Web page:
ST. GEORGE – About 25 people attended a “Chocoholics Anonymous” workshop held at Hale Chiropractic Wednesday night where they were greeted with plates of chocolate labeled only with numbers, a tantalizing and slightly mysterious taste test for the palate and the brain.
One of the monthly clinics held at the chiropractic office, “Chocoholics Anonymous” was more than just a chocolate lover’s dream but rather an informational seminar presented by Dr. James R. Hale that detailed the health benefits of chocolate and explored the science of why it makes people happy.
But first the good news
“We are here to talk about one of the greatest foods on the planet,” Hale said of chocolate in a power point presentation to the group.
The scientific and physiological benefits of chocolate were laid out to attendees in the presentation and included:
- Lowering risk of stroke
- Lowering blood pressure
- Lowering bad cholesterol
- Containing anti-inflammatory properties
- Containing anti-aging properties
According to information presented, healthy chocolate can also protect from Ultra Violet ray damage, is high in fiber and antioxidants and encourages the brain to produce endorphins which, according to MedicineNet.com’s Web page, “lead to feelings of euphoria.”
But now the bad news
Though chocolate, or chocolate’s main component, the cocoa or cacao bean, is quite healthy, the addition of sugars and other chemicals found in commercial candy bars such as Snickers can be quite detrimental to your health and, Hale said, can leave you feeling crummy.
So how can you eat your chocolate and enjoy all the benefits too?
Hale said it comes down to choice. Choose the proper chocolate and exercise a smart dose of moderation, he said.
“Make (chocolate) part of a balanced diet complete with fresh, natural foods and all in moderation,” Hale said.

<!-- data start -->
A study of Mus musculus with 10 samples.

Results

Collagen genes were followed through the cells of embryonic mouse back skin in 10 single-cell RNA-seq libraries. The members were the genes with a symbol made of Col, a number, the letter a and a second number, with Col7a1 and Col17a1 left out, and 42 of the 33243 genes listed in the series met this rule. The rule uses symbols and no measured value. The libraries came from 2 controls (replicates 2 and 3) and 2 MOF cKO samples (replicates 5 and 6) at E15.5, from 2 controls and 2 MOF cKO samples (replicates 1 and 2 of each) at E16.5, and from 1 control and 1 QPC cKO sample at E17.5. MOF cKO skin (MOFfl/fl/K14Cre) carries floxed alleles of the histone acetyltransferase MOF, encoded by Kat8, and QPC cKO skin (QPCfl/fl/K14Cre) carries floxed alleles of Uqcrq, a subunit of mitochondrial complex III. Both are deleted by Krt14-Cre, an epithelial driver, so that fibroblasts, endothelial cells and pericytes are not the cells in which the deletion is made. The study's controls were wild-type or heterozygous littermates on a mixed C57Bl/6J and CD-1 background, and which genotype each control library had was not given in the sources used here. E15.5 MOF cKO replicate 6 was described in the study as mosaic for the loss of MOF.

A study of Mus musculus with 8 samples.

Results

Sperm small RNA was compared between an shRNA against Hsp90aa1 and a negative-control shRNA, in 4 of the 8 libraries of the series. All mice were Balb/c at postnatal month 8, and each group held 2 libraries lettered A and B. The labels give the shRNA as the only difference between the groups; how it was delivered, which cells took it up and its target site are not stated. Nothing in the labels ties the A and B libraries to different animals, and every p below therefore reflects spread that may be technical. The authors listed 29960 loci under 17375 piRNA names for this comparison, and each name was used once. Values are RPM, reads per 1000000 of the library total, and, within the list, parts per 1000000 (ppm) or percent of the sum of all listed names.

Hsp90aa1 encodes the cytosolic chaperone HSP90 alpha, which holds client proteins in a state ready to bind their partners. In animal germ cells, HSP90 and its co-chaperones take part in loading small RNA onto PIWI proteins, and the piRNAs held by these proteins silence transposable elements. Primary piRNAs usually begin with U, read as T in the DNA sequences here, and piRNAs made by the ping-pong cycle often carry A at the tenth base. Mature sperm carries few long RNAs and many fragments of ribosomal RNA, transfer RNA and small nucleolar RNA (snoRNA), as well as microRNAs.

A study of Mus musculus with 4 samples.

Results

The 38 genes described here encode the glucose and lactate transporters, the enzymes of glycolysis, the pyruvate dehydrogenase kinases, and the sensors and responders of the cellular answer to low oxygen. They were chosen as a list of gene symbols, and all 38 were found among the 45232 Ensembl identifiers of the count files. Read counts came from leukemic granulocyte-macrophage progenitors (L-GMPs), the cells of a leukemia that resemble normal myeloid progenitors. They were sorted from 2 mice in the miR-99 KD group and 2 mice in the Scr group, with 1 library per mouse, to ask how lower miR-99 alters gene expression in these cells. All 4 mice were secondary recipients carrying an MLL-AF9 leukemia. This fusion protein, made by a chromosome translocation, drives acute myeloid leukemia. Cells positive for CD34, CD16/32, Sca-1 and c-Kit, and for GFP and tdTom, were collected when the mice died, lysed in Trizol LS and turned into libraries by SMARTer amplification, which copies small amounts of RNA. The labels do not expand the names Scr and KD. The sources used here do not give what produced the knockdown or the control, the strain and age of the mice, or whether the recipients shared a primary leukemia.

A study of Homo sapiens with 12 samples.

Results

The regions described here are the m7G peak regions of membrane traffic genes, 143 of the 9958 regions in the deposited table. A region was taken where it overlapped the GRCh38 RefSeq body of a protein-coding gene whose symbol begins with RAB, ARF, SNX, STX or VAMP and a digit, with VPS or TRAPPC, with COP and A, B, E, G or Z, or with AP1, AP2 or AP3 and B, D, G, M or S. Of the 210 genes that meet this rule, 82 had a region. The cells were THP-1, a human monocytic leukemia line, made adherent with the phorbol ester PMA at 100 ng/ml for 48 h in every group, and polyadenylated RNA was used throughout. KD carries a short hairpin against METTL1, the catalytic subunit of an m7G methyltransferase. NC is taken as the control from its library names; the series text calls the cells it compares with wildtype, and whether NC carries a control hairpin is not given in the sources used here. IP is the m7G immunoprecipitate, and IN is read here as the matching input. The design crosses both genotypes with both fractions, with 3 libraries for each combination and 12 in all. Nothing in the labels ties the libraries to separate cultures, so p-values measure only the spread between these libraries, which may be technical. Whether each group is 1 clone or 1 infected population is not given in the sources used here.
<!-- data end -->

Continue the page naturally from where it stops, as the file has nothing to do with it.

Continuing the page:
Hale outlined things to look for and things to avoid when making chocolate selections and decisions:
- Look for chocolate with 70 percent cocoa or higher
- Choose chocolate that is 100 percent organic
- Avoid chocolate made with alkali; genetically modified organisms, or GMOs; or artificial sweeteners
- Avoid eating chocolate before bed
The taste test
Five different chocolate bars were purchased and given a number for those attending the “Chocoholics Annonymous” workshop. Tasters were asked to try the samples and rate them based on preference. All the chocolate bars were 68 percent cocoa or higher and some contained added ingredients such as dried fruits and nuts.
Hale’s office manager, Torie Williamson, purchased many of the chocolates from Natural Grocers in Washington, where, she said, there was a good selection of high quality and unique chocolate.
Williamson said that the taste test was very successful and showed people that they can enjoy dark chocolate.
Though tastes in the audience varied, most preferred the chocolates that contained fruits or nuts and few people chose the darkest chocolate that contained 85 percent cocoa.
An additional chocolate, a dark chocolate orange bar, was handed out after the tasting and would have been the runaway winner had it been included in the sampling. It is interesting to note that the dark chocolate orange bar contained the highest amount of sugar and the least amount of cocoa at only 55 percent, making it an OK, but not the best choice, Hale said.
Hale Chiropractic holds monthly workshops that are free to the public and discuss a variety of health topics. In March, Hale said, they will be discussing healthy juice and smoothies and the clinic will include a sampling as well as recipes for attendees.
To learn more about the free clinics visit Hale Chiropractic on their Facebook page.